Newcastle University - Role of Fatigue Testing in Low Carbon Transport

In this interview, AZoM talks to Chris Aylott, Senior Engineer at Newcastle University, about fatigue testing in the development of low carbon transport solutions.

Please could you give a brief overview of what you are currently working on and the kind of instruments needed?
Design unit, which is based within the School of Engineering at Newcastle University, is currently working on a range of projects targeting the development of mechanical transmission systems for low carbon transport solutions that require increased efficiency, reduced weight and improved reliability.
In addition to supporting the development of concepts and designs, a large part of Design Unit's current activity involves generating performance data through fatigue testing.
As an example, Design Unit is currently working with Jaguar Land Rover on a large collaborative research and development project supported by the UK Advanced Propulsion Centre that is investigating future automotive electric drive systems.
Within the project, bending fatigue strength data will be generated using electromagnetic resonance machines and contact fatigue data will be generated using back to back, power recirculating gear test rigs developed by Design Unit.
The University's capability to generate fatigue strength data in the very high cycle range has been enhanced with a newly-acquired Shimadzu USF-2000A ultrasonic fatigue test machine.
To understand and quantify the results obtained, Design Unit's suite of metallurgical analysis equipment will be used to fully characterize the tested specimens in terms of microstructure, hardness and residual stress.
Detailed fractography will also be carried out using optical and scanning electron microscopy to characterize the failure mechanisms observed.

Why are ultrasonic testing machines necessary?
Gearing used in certain applications (e.g. electric drive units for electrified vehicles) can be required to operate at speeds in excess of 15,000 rpm. Significant numbers of fatigue cycles are therefore accumulated within relatively short periods of operation.
Establishing a material's fatigue strength above 107 cycles using conventional electromagnetic resonance machines is not practical due to the limited test frequencies achievable with such equipment.
Ultrasonic testing machines, such as the Shimadzu USF-2000A system, that are capable of operating at a significantly higher frequency are therefore necessary to meet the increasing demand for fatigue data in the very high cycle range.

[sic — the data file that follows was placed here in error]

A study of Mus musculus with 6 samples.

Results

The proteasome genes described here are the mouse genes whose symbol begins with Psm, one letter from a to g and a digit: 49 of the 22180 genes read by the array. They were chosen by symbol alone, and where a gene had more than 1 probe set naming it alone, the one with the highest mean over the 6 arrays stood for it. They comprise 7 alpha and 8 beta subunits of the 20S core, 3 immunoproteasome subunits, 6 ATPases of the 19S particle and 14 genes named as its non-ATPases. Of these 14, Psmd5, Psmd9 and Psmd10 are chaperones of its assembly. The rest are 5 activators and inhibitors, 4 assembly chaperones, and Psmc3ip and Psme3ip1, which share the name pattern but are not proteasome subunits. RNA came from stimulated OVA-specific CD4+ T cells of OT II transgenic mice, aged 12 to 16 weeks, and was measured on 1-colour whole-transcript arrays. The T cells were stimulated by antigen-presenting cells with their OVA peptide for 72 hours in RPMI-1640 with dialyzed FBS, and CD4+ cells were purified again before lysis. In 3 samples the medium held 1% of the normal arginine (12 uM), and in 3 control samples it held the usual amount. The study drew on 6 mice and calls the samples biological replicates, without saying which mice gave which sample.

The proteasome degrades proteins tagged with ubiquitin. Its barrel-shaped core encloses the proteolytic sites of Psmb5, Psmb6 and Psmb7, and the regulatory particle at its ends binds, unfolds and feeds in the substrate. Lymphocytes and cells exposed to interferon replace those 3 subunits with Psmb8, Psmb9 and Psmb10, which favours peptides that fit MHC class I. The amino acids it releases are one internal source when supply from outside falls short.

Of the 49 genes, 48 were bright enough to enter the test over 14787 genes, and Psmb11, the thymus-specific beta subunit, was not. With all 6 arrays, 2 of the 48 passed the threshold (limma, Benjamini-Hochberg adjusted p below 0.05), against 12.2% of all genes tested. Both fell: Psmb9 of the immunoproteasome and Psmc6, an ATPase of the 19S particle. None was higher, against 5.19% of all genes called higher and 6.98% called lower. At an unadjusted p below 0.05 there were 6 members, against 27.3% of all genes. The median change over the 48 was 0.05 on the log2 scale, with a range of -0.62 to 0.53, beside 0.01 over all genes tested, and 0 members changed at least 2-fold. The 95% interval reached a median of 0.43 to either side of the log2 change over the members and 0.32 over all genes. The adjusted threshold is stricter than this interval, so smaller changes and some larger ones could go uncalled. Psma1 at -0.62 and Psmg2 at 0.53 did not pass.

What are your future plans and how will Shimadzu's instrument factor into this?
Design Unit will explore funding opportunities to allow detailed investigation of the critical material properties and the differences in failure mode across the low to very high cycle fatigue range with particular emphasis on the effects of steel chemistry and cleanliness.
This study will also determine if the endurance limit for a given material drops between 107 and 1010 cycles in line with the recommendation outlined in ISO 6336-3:2006 for gears used in critical applications.
The Shimadzu USF-2000A system will therefore be key to delivering fatigue data in the very high cycle range. Furthermore, the test machine will allow screening tests up to 107 cycles to be completed in a matter of weeks rather than months which will aid the down selection of candidate materials for future research and development projects. 

What were the main factors behind selecting Shimadzu as a testing partner?
Their ability to provide a proven, market-leading solution to our technical requirements, their commitment to providing the technical support required to harness the full capabilities of the USF-2000A system as a research tool and their strong desire to establish a long-lasting collaboration between organizations were the main factors behind our decision to select Shimadzu as a testing partner. 

What the main challenges you encounter in the field of fatigue testing?
The greatest challenge we face is to ensure that our laboratory-scale fatigue tests provide knowledge and understanding that is relevant to the given application, especially when translating learning from early stage, lower TRL tests on simplified specimens to full-scale component testing.
Using test gears to generate bending and contact fatigue data helps to meet this challenge, but care must be taken to ensure that the test gears are as representative of the given application as possible in terms of their design, material selection and manufacturing route. 
When evaluating contact fatigue performance, care must also be taken to ensure that the test conditions replicate the in-service operating conditions for the given application as closely as practicably possible; this can be especially challenging for gears used in high-speed applications such as EDUs for low carbon transport applications.

In terms of your plans going forward, what are you seeking to achieve and how will fatigue testing play a part?
Fatigue testing will play a vital role within our current research strategy to assist the development of efficient, low-carbon transport solutions. 
Design Unit will continue to work closely with the gearing industry to identify potential pathways to increased efficiency, reduced weight and enhanced fatigue life through the optimization of stell chemistry and cleanliness, heat treatment processes, manufacturing methods, surface treatments and lubricant technology.